Auckland: An introduction

New Zealand's largest city, set between two harbours and magnificent coastal expanses, offers a sizzling blend of urban sophistication and multicultural style.

Rated among the world's 10 most liveable cities, Auckland is home to one-third of New Zealanders and has the world’s largest Pacific Island population. This vibrant multicultural mix infuses the region's cuisine, music, art and culture with colour and diversity. The subtropical climate promotes casual coastal living and outdoor adventure and activity. 

Perched on a narrow isthmus between two harbours, Auckland is the ultimate marine playground, with everyday life revolving around the sea. With the sea at its doorstep, there are so many ways to get out onto the city's sparkling harbours. As well as providing transport to outer suburbs and islands, the sea influences everything here, from cuisine, industry, culture and design to leisure pursuits and sports activities.

The region’s diversity of people and landscapes gives an extra dimension to visitors' experience. Within half an hour of the fashionable boutiques and cafés of downtown Auckland, they can be sipping wine at an island vineyard, hiking through rainforest or exploring a black sand beach on the rugged west coast.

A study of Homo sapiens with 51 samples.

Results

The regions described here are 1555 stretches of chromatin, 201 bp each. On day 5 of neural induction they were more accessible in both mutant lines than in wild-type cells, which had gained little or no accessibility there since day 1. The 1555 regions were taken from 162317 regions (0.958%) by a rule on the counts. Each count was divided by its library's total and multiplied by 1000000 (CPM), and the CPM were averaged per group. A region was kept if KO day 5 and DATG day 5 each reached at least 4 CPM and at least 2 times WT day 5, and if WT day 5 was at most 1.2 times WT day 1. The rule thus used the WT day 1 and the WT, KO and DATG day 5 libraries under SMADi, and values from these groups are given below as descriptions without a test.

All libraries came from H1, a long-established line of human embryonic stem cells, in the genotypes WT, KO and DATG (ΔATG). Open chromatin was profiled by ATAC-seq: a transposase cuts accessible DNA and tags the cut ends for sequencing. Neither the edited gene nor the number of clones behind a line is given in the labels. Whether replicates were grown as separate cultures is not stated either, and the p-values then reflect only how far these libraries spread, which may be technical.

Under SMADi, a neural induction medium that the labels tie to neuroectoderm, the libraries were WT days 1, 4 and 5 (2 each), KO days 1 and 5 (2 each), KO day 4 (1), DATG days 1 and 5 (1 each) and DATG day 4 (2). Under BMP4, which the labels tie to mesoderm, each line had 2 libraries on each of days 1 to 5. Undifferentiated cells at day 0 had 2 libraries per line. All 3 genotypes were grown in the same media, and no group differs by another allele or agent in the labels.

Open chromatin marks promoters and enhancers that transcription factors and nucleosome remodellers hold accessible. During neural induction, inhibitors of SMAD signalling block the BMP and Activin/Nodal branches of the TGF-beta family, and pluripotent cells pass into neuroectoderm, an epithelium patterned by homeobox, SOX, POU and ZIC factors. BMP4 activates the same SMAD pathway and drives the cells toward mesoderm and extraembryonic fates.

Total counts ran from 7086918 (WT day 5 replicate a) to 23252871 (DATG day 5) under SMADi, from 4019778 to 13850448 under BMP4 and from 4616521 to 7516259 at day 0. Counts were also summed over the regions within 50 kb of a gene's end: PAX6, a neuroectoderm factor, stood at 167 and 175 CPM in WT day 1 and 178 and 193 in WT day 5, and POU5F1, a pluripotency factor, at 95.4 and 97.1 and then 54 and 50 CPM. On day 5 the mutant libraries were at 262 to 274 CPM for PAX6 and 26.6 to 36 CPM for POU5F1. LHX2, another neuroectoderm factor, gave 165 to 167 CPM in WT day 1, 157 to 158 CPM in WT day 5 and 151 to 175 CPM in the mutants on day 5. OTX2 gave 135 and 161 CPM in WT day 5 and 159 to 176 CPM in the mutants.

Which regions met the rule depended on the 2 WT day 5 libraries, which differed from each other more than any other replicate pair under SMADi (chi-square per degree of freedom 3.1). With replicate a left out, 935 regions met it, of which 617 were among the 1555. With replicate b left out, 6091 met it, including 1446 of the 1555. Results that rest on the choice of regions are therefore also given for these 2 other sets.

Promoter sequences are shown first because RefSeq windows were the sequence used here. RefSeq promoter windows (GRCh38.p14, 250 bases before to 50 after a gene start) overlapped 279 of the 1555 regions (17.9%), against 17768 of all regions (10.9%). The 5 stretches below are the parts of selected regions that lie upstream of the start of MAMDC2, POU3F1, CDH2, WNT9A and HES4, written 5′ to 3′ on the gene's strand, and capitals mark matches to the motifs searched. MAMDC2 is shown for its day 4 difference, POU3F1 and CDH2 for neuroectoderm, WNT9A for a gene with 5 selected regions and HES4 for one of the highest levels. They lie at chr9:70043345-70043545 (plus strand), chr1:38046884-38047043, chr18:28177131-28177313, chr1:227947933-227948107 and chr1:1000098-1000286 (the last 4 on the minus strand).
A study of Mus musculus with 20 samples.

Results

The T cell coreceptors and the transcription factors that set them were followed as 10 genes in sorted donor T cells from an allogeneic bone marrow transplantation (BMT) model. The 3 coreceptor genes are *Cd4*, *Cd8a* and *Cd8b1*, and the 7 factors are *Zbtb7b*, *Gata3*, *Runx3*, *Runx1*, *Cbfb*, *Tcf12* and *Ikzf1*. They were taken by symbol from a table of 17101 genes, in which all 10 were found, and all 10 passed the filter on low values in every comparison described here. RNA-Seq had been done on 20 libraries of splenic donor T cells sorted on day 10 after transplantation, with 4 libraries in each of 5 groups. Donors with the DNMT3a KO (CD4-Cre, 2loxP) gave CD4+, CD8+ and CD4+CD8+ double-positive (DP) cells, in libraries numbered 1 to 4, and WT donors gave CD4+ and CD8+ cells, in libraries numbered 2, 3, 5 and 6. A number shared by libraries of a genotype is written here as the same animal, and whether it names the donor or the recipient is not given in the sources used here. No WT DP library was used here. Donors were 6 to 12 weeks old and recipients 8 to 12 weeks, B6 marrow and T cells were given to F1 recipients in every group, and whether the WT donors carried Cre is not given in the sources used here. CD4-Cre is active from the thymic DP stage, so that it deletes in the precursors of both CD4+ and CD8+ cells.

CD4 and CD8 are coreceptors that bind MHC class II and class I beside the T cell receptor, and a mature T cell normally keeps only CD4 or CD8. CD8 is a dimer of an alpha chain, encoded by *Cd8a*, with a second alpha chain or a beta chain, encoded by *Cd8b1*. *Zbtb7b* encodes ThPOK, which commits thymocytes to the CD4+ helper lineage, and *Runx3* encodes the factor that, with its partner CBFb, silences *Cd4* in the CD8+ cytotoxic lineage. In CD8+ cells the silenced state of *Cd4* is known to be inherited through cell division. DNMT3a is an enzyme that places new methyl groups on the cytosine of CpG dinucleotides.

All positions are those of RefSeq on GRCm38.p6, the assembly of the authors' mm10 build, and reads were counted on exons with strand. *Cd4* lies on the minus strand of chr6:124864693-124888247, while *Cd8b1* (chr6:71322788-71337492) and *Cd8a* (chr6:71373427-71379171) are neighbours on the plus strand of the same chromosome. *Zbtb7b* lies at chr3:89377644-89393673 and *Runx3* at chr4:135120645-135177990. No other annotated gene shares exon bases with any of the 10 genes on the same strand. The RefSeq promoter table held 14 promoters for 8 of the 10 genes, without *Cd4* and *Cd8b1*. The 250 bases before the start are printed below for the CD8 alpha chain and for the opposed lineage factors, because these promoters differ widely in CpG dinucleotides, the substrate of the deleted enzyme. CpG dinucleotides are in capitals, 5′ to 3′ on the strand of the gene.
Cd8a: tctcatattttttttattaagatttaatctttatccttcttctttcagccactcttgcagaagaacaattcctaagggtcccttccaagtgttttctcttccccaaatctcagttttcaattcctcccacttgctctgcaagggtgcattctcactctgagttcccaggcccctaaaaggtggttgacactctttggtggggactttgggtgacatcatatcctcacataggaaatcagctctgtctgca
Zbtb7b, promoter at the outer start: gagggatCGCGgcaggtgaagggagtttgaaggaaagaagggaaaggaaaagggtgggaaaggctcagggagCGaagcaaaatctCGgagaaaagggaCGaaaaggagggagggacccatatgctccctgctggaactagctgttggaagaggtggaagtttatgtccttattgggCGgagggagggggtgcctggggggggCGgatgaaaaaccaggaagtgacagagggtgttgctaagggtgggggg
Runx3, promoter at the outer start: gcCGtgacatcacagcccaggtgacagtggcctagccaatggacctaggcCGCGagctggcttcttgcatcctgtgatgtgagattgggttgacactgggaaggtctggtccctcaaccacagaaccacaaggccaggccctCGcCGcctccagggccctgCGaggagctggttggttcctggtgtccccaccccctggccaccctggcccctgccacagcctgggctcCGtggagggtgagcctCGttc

Heritage

Its variety of nationalities makes Auckland New Zealand’s most multicultural region. The region's indigenous culture has a fascinating history that is illustrated by Auckland's Māori name, Tamaki-Makau-Rau – "the maiden with a hundred suitors", so-named because, over time, more than 18 tribes have laid claim to the region.

Art and culture  

Auckland is a sprawling metropolis where no two streets or houses are the same. Creativity and innovation runs through every aspect of design, from architecture and interiors to clothing, fashion and public art. Every community has its own identity and style, from chic inner-city suburbs with trendsetting boutiques and cafés, to more relaxed beachside suburbs. 

Food and wine

You're never far from a good café or restaurant in Auckland, and the city is a haven for discerning travellers seeking a local gourmet experience. As well as a thriving coffee culture – think "flat white", the Kiwi coffee creation – the quality and choice of locally sourced produce underpins exceptional dining experiences at the hands of acclaimed chefs.

Auckland also has more than 80 vineyards producing Chardonnay, Syrah, Merlot and Cabernet Sauvignon wines. As a consequence, wine tasting is a popular pastime on picturesque Waiheke Island, on the outskirts of west Auckland and around Matakana to the north of the city and the Clevedon Valley in the south..

Adventure / outdoors

The Auckland region’s geographic variety, featuring volcanoes and harbours, rainforests and endless coastline, is the perfect playground for outdoor adventure and leisure pursuits. Whether you are canyoning, abseiling, cycling, hiking, jumping off the Harbour Bridge or walking around the Sky Tower, sailing or diving in the Hauraki Gulf, there's every imaginable opportunity to experience the great outdoors.

And by the way...

  • Experts disagree about how many volcanoes Auckland has, but there are generally thought to be the remains of about 50 extinct volcanic cones.
  • Auckland sits on two harbours between two oceans – Manukau Harbour on the Tasman Sea and Waitemata Harbour on the Pacific Ocean.